BEIJING – The government is intensifying efforts to control foreign media coverage of China, blocking websites, harassing reporters trying to cover trials of activists in Beijing and thwarting efforts by The New York Times to station new journalists on the mainland.
The government under President Xi Jinping has taken an increasingly hard line on controlling information within the country as its traditional means of doing so come under threat from social media and mobile Internet messaging services.
Although foreign media reports are aimed mostly at audiences outside China, the moves against international journalists reflect both wariness of their reports seeping into the domestic audience and sensitivity about the country's reputation abroad. This is especially so following reports in recent years about the wealth accumulated by relatives of top Communist Party leaders.
"International coverage is no longer simply damaging to China's international image," said David Bandurski, a researcher with the University of Hong Kong's China Media Project. "It's also damaging to China's domestic image of the ruling party."
China last week blocked access on the mainland to the websites of several European and North American news outlets that participated in or carried reports of an investigation that showed the relatives of China's president and other business and political leaders were linked to offshore tax havens.
In the past week, police and plainclothes security officers harassed reporters in Beijing who staked out courthouses where grassroots activists of the New Citizens movement were on trial, pushing them away from the buildings and confiscating press cards.
In addition to such rough treatment, foreign reporters working in China also generally deal with official intimidation of interviewees as well as bars on going to Tibet or troubled parts of ethnic minority regions.
In recent years, however, the government has added a new form of pressure, press freedom groups say, by delaying or denying journalism visas for organizations whose coverage it dislikes. China says it handles the foreign media according to its laws.
Austin Ramzy, a reporter who left Time magazine to work for the Times last April, is set to leave China on Thursday because authorities have not approved his application for a resident journalist visa.
Ramzy will be the second Times reporter in 13 months to leave the mainland over visa issues after Chris Buckley, a reporter who joined the Times' China team in 2012, similarly departed for Hong Kong at the end of that year. The Times' designated China bureau chief Philip Pan has been waiting for a journalist visa since early 2012.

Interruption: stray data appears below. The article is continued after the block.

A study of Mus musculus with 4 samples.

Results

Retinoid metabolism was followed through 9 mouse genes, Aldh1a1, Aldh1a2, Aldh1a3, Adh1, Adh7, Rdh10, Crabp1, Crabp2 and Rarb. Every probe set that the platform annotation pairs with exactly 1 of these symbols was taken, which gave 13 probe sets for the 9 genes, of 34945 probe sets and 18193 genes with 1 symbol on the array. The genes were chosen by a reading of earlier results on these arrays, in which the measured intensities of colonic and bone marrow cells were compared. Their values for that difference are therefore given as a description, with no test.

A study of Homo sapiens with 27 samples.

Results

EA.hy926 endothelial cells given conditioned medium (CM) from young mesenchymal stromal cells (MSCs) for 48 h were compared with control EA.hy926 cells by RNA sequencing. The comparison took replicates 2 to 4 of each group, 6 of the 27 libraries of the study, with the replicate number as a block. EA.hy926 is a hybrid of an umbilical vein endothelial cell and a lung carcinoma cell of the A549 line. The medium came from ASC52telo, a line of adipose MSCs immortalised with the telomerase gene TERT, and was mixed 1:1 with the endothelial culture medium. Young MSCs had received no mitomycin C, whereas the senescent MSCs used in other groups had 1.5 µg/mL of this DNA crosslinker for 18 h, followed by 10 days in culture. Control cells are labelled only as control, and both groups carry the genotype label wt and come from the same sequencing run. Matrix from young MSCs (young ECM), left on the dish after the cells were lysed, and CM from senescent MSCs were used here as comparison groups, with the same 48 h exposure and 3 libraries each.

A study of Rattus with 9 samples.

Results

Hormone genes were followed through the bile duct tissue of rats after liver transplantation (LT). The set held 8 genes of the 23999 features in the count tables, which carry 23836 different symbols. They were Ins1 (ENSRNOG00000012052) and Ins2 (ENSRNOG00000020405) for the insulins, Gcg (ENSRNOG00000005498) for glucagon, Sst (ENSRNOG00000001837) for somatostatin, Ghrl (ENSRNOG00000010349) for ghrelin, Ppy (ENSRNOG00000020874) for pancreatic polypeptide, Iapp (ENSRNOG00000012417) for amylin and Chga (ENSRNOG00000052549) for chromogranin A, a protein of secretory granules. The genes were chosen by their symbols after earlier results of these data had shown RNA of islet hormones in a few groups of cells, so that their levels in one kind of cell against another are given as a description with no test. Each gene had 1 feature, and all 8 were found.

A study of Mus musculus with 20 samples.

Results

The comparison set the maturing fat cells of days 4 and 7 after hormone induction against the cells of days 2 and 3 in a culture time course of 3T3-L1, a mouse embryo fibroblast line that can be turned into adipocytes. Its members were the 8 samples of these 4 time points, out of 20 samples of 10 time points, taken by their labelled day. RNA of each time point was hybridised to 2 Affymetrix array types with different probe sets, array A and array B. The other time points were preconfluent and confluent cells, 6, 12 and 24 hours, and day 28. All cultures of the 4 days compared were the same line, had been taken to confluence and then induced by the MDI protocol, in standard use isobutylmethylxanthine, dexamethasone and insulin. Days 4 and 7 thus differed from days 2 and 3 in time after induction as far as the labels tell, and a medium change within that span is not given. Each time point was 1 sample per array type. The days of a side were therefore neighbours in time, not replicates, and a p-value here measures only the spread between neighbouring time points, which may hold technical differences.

The Times' visa woes come despite U.S. Vice President Joe Biden's efforts last month to raise the problems faced by journalists working for U.S. news organizations in China in his talks with Xi, Premier Li Keqiang and other officials while on a visit to Beijing.
Patrick Ventrell, a spokesman for the White House's National Security Council, said U.S. officials have contacted Chinese officials at the highest levels repeatedly to raise the treatment of journalists and media organizations, including that they expected visas to be issued for U.S. outlets.
The Chinese government late last year delayed the annual visa renewal applications for reporters working for the Times and Bloomberg, seen as retaliation for the outlets' investigative stories on the enormous wealth accumulated by the relatives of Xi and former Chinese Premier Wen Jiabao.
The visas eventually were issued for the companies' journalists already based in China, weeks later than for many other news outlets. But Ramzy, a new hire, did not get one.
The Foreign Ministry denied that Ramzy was being forced to leave China, saying Monday that he had violated Chinese regulations by not applying to amend his visa after the cancellation of the press credentials he held under Time magazine. Chinese regulations say that to be done within 10 days of the cancellation.
Spokesman Qin Gang said despite Ramzy's violation, the ministry gave him an additional month-long nonworking visa on humanitarian grounds.
Qin said the ministry was still processing the Times' application for Ramzy's press credentials but that it would not be completed before his visa expired Friday.
Associated Press writers Josh Lederman and Mat Pennington contributed from Washington, D.C.